Wear Purple on Spirit Day

Show your support today, October 20 for gay, bisexual, lesbian, transgender and queer (GBLTQ) youth and speak out against bullying by wearing purple.


GBLTQ  teens are up to four times more likely to attempt suicide than their heterosexual peers. An increasing number of teens continue to take their own lives after being bullied.

Just last weekend Jamie Hubley, a gay 15-year-old teen in Ottawa, Ontario, Canada, killed himself after suffering years of depression and bullying.

Spirit Day was started in 2010 by teenager Brittany McMillan as a response to the young people who had taken their own lives. Observed on October 20, individuals, schools, organizations, corporations wear purple, which symbolizes spirit on the rainbow flag. Getting involved is easy — simply “go purple” on October 20 as we all work to create a world in which GBLTQ teens are celebrated and accepted for who they are.

I hope you will wear purple today to support GBLTQ youth. Thanks guys.




  • I am so sorry Stephani, I am glad that your daughter decided to speak up though.

    I did wear purple, but while I like symbolic support, I always feel that I need to do something more. I try to give to charities, but maybe I should try harder to find time to volunteer.

    • Just want to clarify that I think any shows of support are great, but I feel the same way for example when I am talking on the phone with the friend who lives on another side of the country (US) and going through tough time. I just always feel frustrated when all I can offer is the symbolic support (even money wise, I still feel frustrated).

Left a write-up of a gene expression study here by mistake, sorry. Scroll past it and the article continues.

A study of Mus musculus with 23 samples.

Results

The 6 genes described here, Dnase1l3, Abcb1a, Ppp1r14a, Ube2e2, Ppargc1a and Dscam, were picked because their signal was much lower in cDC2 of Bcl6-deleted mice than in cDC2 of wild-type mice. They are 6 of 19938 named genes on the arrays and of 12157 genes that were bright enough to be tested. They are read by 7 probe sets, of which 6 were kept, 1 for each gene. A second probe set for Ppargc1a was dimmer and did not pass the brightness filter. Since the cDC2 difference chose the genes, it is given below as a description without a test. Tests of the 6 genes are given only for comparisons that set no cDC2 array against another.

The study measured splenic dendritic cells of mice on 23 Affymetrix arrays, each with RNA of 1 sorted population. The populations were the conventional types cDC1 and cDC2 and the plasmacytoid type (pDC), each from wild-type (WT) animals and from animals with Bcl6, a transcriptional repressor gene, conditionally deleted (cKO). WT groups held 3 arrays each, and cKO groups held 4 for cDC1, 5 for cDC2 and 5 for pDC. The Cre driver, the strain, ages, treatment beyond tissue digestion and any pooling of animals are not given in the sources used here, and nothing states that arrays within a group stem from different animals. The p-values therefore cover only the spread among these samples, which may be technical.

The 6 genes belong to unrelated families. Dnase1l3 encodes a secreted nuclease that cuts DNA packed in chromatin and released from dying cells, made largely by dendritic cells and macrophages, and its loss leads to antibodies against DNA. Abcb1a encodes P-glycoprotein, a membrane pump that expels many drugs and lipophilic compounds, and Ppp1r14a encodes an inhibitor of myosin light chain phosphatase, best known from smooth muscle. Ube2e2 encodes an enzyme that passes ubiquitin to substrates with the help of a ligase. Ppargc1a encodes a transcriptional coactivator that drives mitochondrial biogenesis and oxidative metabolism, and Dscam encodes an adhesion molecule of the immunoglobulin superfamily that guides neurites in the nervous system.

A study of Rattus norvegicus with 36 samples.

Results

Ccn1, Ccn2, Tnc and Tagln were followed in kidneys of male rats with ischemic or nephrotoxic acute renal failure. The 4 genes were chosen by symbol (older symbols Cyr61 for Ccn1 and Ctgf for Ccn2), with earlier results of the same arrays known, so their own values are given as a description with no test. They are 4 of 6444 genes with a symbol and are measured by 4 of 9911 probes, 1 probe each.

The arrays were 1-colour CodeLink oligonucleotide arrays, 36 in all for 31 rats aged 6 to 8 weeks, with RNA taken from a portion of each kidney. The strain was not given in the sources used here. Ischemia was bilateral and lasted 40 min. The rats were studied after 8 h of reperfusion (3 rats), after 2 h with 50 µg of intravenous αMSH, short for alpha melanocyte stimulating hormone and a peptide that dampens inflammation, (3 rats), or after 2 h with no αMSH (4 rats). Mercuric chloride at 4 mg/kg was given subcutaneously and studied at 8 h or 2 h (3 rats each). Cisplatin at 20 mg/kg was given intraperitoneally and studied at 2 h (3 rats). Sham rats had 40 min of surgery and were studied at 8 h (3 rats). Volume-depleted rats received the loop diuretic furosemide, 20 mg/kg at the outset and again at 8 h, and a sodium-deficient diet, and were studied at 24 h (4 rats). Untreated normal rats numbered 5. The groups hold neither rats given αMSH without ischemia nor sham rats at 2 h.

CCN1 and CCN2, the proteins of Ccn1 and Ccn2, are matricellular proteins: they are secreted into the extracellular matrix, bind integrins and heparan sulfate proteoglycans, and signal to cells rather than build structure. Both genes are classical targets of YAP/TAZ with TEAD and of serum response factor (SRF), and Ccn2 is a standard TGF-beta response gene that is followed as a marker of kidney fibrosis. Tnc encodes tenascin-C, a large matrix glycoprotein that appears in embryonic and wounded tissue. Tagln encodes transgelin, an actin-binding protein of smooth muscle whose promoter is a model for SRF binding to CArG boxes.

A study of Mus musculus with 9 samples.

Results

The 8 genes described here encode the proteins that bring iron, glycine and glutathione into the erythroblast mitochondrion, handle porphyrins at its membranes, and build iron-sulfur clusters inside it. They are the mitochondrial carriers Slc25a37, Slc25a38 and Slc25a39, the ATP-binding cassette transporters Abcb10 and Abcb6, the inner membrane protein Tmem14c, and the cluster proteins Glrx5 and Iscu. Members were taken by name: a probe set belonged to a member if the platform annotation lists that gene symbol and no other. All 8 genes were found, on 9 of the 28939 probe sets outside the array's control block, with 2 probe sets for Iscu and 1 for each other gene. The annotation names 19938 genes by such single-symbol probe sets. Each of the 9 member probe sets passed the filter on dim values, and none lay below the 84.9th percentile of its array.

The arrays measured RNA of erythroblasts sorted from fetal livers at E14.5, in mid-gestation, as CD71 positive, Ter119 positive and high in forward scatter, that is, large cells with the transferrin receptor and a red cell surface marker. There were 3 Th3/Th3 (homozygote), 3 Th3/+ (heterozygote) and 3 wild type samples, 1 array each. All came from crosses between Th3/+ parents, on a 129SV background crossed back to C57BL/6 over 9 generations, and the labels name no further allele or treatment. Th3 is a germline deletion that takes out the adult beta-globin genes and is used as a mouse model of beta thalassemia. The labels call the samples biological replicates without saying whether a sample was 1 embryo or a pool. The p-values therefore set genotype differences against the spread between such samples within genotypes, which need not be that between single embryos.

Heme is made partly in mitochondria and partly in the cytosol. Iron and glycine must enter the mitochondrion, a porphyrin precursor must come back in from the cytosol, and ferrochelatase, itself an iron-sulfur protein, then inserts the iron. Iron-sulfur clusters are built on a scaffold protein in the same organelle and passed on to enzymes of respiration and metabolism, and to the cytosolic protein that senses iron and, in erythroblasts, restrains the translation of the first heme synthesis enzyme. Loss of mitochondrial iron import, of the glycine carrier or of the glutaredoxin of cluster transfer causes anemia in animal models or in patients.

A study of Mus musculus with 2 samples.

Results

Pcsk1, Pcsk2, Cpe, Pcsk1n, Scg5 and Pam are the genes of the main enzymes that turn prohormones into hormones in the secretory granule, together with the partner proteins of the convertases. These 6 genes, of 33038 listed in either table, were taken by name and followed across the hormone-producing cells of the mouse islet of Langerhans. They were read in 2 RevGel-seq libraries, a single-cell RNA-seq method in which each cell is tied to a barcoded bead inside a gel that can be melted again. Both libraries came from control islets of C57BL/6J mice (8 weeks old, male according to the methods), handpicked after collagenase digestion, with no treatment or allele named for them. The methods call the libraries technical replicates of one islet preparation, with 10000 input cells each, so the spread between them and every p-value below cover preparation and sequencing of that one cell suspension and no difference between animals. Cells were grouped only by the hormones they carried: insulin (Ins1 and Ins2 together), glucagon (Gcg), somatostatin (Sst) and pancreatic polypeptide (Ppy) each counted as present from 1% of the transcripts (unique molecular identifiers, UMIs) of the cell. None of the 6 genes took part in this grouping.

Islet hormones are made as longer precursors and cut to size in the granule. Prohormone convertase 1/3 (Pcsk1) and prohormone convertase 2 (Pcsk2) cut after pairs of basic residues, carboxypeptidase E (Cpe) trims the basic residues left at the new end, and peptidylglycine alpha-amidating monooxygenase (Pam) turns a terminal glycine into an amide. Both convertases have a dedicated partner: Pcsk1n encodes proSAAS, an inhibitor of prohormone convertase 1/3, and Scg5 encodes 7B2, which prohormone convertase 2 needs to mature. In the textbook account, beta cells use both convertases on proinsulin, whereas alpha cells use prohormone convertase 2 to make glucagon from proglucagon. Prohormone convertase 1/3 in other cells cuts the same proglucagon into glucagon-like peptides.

• I already spoke about this on FB and on my own blog, but I thought I would share it here, too. My ten-year old daughter, Joie, wore her purple shirt and “Ally” bling to school today. She was so proud until she got to class and was told by her peers and one teacher that there is no such thing as “purple day” This embarrassed and angered her so much that I felt compelled to write a note to the principle. *sigh* It seems like we have such a long way to go when it comes to the bullying issue.

    • How horrible for your daughter. 🙁 I think many teachers and the entire school system are just as big a threat to GBLTQ kids as the bullies. Most of them are still living in the 20th century.

      • Thanks, Wave. She’s feeling a lot better, but she’s still confused as to why everybody doesn’t want to support this cause. To her being LGBTQ is no big deal, because her older brother is gay. She thinks Cody is perfect the way he is and she believes that everybody should think the same thing.